Developmental Biology - Blood Stem Cells|
Squishing Blood Stem Cells
Squishing blood stem cells could help in harvesting them for transplants...
Scientists at Emory University's Winship Cancer Institute and the Children's Healthcare of Atlanta, Pediatric Technology Center - have found that altering the stiffness of blood-forming stem cells, might possibly make it easier to use them as stem cell-based transplants.
Temporary stem cell squishiness could help move blood-forming stem cells out of bone marrow and into blood circulation. But, researchers also found these same cells need to be stiff in order to stay put while replenishing blood and the immune system. Their research results were published March 14 in the journal Cell Stem Cell.
How stiff or squishy cells are, is important for keeping blood-forming stem cells
in bone marrow niches. This preserves their long-term repopulation capability.
Bone marrow transplants are a treatment strategy for some cancers, but usually don't involve physically extracting bone marrow. Doctors use the drug (G-CSF) to encourage blood-forming stem cells to leave bone marrow and enter the blood stream, generally producing a high yield. However, for about a third of bone marrow transplant patients, stem cell mobilization is insufficient. Cheng-Kui Qu MD PhD, professor of pediatrics at Emory University School of Medicine, explains that one of their experiments was a proof-of-concept strategy to supplement conventional stem cell extraction approaches.
Qu and colleagues studied the enzyme Ptpn21, which is highly expressed in blood stem cells and helps reshape a cell's internal skeleton. For the purposes of this study, the scientists generated mice without Ptpn21. They found in the bone marrow of these mutant mice, there were fewer stem and early progenitor cells. In addition, blood-forming stem cells tended to locate twice as far away from bone marrow niches - where they usually are found.
The mutant mice were very sensitive to chemotherapy drugs, making it easier to induce blood stem cells to move out of bone marrow niches. This was perhaps due to deformation of the cell wall as blood stem cells from mutant mice more easily squeezed through narrow pores.
Qu next approached Wilbur Lam and Todd Sulchek, biomedical engineers and experts on the mechanical characteristics of cells, who were able to determine that Ptpn21-mutant cells are indeed squishier. Qu's lab then performed experiments to make cells lacking Ptpn21 stiff again by manipulating another protein, Septin1. They were able to show that treating normal mice with blebbistatin, which interferes with a cell's internal skeleton, also mobilizes stem cells to leave bone niches. But, he cautions that blebbistatin may also have other systemic affects on mice.
"Our findings are that normal blood-forming stem cells are stiffer and less deformable than differentiated blood cells. This helps us better understand the pathogenesis of blood disorders associated with loss of stem cell quiescence. However, our findings suggest that cell biomechanics can be leveraged to improve current mobilization regimens for stem cell-based therapy."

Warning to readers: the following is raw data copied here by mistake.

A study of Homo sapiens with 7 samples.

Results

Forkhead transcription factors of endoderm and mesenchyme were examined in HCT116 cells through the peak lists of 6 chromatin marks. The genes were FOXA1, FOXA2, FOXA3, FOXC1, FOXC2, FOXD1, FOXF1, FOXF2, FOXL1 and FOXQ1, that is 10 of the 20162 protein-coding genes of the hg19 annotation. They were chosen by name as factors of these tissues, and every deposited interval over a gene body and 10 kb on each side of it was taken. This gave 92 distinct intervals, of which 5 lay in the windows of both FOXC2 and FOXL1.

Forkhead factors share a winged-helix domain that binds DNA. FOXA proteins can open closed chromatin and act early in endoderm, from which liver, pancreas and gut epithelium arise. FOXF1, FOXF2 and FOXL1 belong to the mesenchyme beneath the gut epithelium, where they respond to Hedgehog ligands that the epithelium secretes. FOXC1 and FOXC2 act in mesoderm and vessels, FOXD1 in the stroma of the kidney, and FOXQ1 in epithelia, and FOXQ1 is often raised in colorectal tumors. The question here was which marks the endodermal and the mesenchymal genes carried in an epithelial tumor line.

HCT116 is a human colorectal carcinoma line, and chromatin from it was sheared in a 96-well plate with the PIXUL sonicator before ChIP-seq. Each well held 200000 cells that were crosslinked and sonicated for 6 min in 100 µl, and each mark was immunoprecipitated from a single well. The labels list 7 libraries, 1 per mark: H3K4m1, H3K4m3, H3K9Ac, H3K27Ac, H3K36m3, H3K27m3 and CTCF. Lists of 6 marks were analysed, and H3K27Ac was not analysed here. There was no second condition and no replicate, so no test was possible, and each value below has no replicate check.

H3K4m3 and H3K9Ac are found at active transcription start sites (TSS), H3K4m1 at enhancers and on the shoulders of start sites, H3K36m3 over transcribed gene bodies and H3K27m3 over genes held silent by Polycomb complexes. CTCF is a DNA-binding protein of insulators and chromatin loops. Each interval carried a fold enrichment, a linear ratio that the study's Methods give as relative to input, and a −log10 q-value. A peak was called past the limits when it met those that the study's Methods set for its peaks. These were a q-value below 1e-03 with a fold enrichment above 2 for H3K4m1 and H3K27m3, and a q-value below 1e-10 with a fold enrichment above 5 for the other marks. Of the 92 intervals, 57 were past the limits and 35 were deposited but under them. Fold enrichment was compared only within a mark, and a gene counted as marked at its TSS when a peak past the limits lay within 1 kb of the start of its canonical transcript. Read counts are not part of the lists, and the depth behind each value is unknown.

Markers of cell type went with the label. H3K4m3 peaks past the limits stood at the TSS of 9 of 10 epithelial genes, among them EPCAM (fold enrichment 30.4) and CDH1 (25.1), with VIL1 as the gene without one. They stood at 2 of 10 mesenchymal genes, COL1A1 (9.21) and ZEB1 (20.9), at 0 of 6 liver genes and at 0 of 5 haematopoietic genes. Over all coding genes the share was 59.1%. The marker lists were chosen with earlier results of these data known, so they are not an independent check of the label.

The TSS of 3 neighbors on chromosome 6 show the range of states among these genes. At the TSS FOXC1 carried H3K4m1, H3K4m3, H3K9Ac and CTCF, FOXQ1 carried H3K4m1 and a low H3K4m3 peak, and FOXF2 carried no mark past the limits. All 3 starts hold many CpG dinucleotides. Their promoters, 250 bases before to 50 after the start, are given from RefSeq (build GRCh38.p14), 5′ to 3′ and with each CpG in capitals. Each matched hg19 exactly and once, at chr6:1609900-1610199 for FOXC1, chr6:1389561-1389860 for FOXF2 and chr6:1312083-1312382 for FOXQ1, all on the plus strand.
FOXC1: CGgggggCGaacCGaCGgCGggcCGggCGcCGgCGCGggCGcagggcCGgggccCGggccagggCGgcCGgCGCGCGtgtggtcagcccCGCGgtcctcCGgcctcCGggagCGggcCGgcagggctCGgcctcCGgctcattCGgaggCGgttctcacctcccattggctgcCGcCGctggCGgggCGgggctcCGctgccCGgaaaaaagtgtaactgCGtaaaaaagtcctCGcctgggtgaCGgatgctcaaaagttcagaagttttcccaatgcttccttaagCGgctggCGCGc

Cheng-Kui Qu MD PhD, Professor of Pediatrics, Emory University School of Medicine; Division of Hematology/Oncology, Department of Pediatrics; Aflac Cancer and Blood Disorders Center, Winship Cancer Institute; Children’s Healthcare of Atlanta, Emory University, Atlanta, Georgia, USA.
• Normal HSCs are stiffer and less deformable than mature blood cells
• Ptpn21 loss decreases cell stiffness and increases mobility/deformability in HSCs
• Deletion of Ptpn21 results in HSC egress due to impaired retention in the niche
• Ptpn21 modulates cellular mechanics by dephosphorylation of Septin1 (Tyr 246)
Hematopoietic stem cell (HSC) quiescence is a tightly regulated process crucial for hematopoietic regeneration, which requires a healthy and supportive microenvironmental niche within the bone marrow (BM). Here, we show that deletion of Ptpn21, a protein tyrosine phosphatase highly expressed in HSCs, induces stem cell egress from the niche due to impaired retention within the BM. Ptpn21 -/- HSCs exhibit enhanced mobility, decreased quiescence, increased apoptosis, and defective reconstitution capacity. Ptpn21 deletion also decreased HSC stiffness and increased physical deformability, in part by dephosphorylating Spetin1 (Tyr 246), a poorly described component of the cytoskeleton. Elevated phosphorylation of Spetin1 in Ptpn21 -/- cells impaired cytoskeletal remodeling, contributed to cortical instability, and decreased cell rigidity. Collectively, these findings show that Ptpn21 maintains cellular mechanics, which is correlated with its important functions in HSC niche retention and preservation of hematopoietic regeneration capacity.
Fang Ni, Wen-Mei Yu, Xinyi Wang, Meredith E. Fay, Katherine M. Young, Yongzhi Qiu, Wilbur A. Lam, Todd A. Sulchek, Tao Cheng, David T. Scadden an Cheng-Kui Qu.
The authors declare no conflict of interest.
Lam is a clinical hematologist-bioengineer at the Aflac Cancer and Blood Disorders Center of Children's Healthcare of Atlanta, associate professor of pediatrics at Emory University School of Medicine and a faculty member in the Wallace H. Coulter Department of Biomedical Engineering at Georgia Tech and Emory. Sulchek is associate professor of mechanical engineering at Georgia Tech.
Research in Qu's lab is supported by the National Institute of Diabetes and Digestive and Kidney Diseases (DK092722) and the National Heart Lung and Blood Institute (HL130995).